Wednesday, May 14, 2008


Let me make it clear that I am not a Hillary Clinton supporter. I’m not a rabid opponent, like some, and in fact in the unlikely event that she gets the nomination I will probably end up campaigning for her. But she’s not my first choice. Or really even my second choice.

But one day last week, Lucy came home from school breathless with excitement.

Lucy: Mommy! Guess what!

Me: What??

Lucy: There’s going to be a girl president!

Me: Uh…

Lucy: She’s trying to get yeleted right now!

Me: Right! That’s right. A woman is trying to get elected president.

Lucy: Oooh, I hope she gets yeleted!

Me: Why?

Lucy: Because that would be so cool, to have a girl president!

As a matter of fact, this is my sentiment exactly. It would be so cool to have a girl president! Just not, you know, this girl president. I guess I thought that we’d come far enough that I didn’t have to support her just because she’s a girl (er, woman). But Lucy’s reaction to the possibility of a female in the White House makes me question that belief, because my gut-twisting realization is that having a “girl” president is a big deal to Lucy.

How does she know that this matters? Sure, she knows about the presidency, and she’s understood for quite some time that voting is important. But this level of excitement on her part is usually reserved for things of monumental importance, like a trip to the ice cream stand or permission to stay up past bedtime. How can she possibly have internalized the underrepresentation of women in politics so completely in a mere six years? And what does this mean for me, her unabashedly feminist mother? Do I have to start supporting female candidates based solely on their gender just so that there are more role models for my daughter?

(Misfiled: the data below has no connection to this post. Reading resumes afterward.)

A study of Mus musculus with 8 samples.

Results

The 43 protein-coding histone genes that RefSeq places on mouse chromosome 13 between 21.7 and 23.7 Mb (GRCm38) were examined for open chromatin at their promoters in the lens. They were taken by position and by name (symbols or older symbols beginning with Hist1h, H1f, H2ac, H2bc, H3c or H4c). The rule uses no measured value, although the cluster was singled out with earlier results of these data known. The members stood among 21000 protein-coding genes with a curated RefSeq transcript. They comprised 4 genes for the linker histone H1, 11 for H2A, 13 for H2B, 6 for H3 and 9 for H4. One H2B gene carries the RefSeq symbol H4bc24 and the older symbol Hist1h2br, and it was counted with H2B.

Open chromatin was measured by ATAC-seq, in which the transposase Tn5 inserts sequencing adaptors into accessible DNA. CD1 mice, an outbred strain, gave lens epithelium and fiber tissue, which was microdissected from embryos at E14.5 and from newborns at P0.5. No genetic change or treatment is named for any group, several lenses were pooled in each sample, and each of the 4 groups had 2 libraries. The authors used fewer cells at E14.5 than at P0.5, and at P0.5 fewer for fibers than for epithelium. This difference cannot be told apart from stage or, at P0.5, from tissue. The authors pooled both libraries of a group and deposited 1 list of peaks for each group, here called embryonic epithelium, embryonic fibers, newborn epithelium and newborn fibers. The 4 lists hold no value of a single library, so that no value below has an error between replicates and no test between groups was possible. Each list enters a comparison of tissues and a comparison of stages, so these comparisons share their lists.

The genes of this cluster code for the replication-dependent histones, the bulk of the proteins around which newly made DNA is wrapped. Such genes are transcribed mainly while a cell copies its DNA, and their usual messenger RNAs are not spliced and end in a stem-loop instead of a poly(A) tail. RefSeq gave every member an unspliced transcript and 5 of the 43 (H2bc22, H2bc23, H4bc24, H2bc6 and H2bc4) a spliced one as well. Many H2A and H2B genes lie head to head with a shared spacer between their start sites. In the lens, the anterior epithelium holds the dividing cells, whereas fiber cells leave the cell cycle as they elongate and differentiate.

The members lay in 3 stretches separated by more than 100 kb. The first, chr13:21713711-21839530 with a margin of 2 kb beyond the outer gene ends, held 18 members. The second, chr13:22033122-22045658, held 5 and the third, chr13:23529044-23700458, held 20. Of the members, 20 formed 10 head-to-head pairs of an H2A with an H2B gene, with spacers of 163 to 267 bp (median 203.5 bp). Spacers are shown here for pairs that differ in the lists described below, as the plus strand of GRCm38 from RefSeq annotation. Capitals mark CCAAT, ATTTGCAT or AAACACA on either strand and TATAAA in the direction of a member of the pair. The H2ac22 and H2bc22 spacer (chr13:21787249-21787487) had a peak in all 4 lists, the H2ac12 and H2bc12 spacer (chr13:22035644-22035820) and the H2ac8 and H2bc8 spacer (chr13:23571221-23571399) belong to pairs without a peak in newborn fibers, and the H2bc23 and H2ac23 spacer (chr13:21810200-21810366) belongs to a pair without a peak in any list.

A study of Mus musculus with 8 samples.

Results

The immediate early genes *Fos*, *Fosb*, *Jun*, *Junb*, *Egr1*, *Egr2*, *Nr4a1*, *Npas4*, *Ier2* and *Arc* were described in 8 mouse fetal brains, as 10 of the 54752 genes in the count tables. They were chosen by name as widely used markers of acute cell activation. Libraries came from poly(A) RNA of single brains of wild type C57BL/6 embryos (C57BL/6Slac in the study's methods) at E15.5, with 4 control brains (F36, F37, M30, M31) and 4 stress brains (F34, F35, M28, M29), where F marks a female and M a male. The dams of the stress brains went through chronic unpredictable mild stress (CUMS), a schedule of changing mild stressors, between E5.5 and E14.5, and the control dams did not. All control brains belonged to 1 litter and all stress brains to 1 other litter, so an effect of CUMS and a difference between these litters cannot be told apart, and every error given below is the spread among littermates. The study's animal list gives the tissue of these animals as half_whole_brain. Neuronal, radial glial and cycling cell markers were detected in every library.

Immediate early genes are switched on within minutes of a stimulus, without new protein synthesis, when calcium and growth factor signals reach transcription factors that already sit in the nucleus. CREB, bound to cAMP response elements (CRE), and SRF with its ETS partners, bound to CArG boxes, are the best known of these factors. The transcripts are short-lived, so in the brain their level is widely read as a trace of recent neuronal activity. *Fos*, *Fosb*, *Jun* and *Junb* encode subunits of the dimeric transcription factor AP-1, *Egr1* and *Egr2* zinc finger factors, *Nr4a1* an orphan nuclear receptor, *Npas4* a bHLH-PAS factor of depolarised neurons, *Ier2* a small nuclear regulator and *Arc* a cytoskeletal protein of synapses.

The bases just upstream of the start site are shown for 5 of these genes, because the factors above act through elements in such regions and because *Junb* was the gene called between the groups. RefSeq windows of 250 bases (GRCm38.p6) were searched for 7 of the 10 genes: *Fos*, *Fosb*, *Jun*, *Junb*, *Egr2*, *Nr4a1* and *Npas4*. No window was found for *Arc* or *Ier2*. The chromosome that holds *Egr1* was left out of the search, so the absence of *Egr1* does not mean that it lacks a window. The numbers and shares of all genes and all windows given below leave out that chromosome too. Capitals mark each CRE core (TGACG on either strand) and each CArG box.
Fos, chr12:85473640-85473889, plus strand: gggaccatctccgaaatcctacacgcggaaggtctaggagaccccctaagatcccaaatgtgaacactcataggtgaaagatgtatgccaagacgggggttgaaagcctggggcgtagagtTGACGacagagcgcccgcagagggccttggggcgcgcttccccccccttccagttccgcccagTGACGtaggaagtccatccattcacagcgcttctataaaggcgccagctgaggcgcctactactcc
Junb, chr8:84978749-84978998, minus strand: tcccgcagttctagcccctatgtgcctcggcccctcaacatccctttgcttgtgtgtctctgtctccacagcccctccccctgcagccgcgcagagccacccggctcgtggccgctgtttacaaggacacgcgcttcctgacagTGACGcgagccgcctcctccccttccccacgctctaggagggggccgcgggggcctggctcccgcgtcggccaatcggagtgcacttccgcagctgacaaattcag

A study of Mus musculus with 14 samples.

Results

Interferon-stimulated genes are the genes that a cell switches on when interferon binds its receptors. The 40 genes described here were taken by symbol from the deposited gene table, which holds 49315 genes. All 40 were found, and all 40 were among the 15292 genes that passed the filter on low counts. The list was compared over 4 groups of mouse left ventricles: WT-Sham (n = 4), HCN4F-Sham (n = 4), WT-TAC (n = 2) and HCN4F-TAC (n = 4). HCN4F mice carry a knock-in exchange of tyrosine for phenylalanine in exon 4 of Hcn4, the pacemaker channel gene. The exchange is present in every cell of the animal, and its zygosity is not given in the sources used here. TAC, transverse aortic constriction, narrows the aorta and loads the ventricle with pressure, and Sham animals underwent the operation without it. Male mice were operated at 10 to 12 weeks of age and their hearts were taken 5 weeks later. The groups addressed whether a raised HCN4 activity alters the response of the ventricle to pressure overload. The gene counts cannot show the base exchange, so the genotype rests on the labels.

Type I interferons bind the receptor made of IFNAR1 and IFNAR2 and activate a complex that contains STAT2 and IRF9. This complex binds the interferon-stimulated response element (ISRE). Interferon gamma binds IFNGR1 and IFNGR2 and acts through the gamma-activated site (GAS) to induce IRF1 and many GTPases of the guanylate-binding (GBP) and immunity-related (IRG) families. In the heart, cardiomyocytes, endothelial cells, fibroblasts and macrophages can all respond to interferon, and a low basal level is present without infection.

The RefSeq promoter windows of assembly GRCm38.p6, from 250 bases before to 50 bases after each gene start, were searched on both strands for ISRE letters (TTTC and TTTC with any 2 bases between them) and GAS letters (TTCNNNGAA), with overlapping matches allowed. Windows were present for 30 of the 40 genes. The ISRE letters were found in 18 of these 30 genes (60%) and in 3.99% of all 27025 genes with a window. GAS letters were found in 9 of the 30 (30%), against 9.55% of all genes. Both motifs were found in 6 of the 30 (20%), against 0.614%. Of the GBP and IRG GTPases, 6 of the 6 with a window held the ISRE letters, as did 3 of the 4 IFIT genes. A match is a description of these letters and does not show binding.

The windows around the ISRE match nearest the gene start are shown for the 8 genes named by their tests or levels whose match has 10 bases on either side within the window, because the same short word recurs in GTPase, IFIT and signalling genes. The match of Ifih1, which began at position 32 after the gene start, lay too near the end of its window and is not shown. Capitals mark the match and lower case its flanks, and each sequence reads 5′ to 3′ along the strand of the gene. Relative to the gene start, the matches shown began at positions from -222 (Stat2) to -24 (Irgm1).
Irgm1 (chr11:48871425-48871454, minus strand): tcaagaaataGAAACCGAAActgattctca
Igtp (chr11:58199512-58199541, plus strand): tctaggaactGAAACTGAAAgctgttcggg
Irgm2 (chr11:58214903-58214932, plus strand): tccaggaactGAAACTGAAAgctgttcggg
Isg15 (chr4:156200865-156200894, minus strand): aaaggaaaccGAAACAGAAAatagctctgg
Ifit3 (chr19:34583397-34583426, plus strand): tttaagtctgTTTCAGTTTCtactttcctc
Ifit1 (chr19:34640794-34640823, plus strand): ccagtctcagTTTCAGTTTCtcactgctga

No, of course not. But this is a reality check for me. Maybe we haven’t come as far as I thought.

Tuesday, May 6, 2008


This morning in the garden:

Ben: [picking up a large stick] This is my gun, Mommy.

Me: [alarmed but trying not to show it] Oh?

Ben: Yeah. I’m going to shoot mean people.

Me: I don’t think you should shoot people, even if they’re mean.

Ben: Why not?

Me: Well, it hurts them. It might even kill them.

Ben: [reassuringly] Oh, I’ll only shoot the mean people.

Me: Maybe you could call the police and they could take the mean people to jail.

Ben: Yeah!


Ben: And after they take them to jail, I’ll shoot them.


Me: Who are the mean people?

Ben: You know, bank robbers.

Well, at least he’s not thinking of someone we know.

Although there is very little hard research on how gun play affects children (at least according to my cursory search), there is no question that many, perhaps most, children go through a stage in which they are fascinated by guns and fighting. Looked at positively, they are learning about aggression and conflict in a safe, non-threatening way. Looked at even more positively, they are acting out fantasies of being a hero, protecting other people, getting the bad guys. Looked at that way, gun play is not so much about hurting someone as it is about protecting someone. Looked at less positively, guns are dangerous and I don’t want my son going around shooting people, real or imaginary.

And there’s the real issue: when Ben pretends that his stick is a gun, to me it’s about the gun, which is dangerous and can kill people. To Ben it’s about the mean people, and he’s going to protect me from them.

I guess he’s thinking of someone we know after all.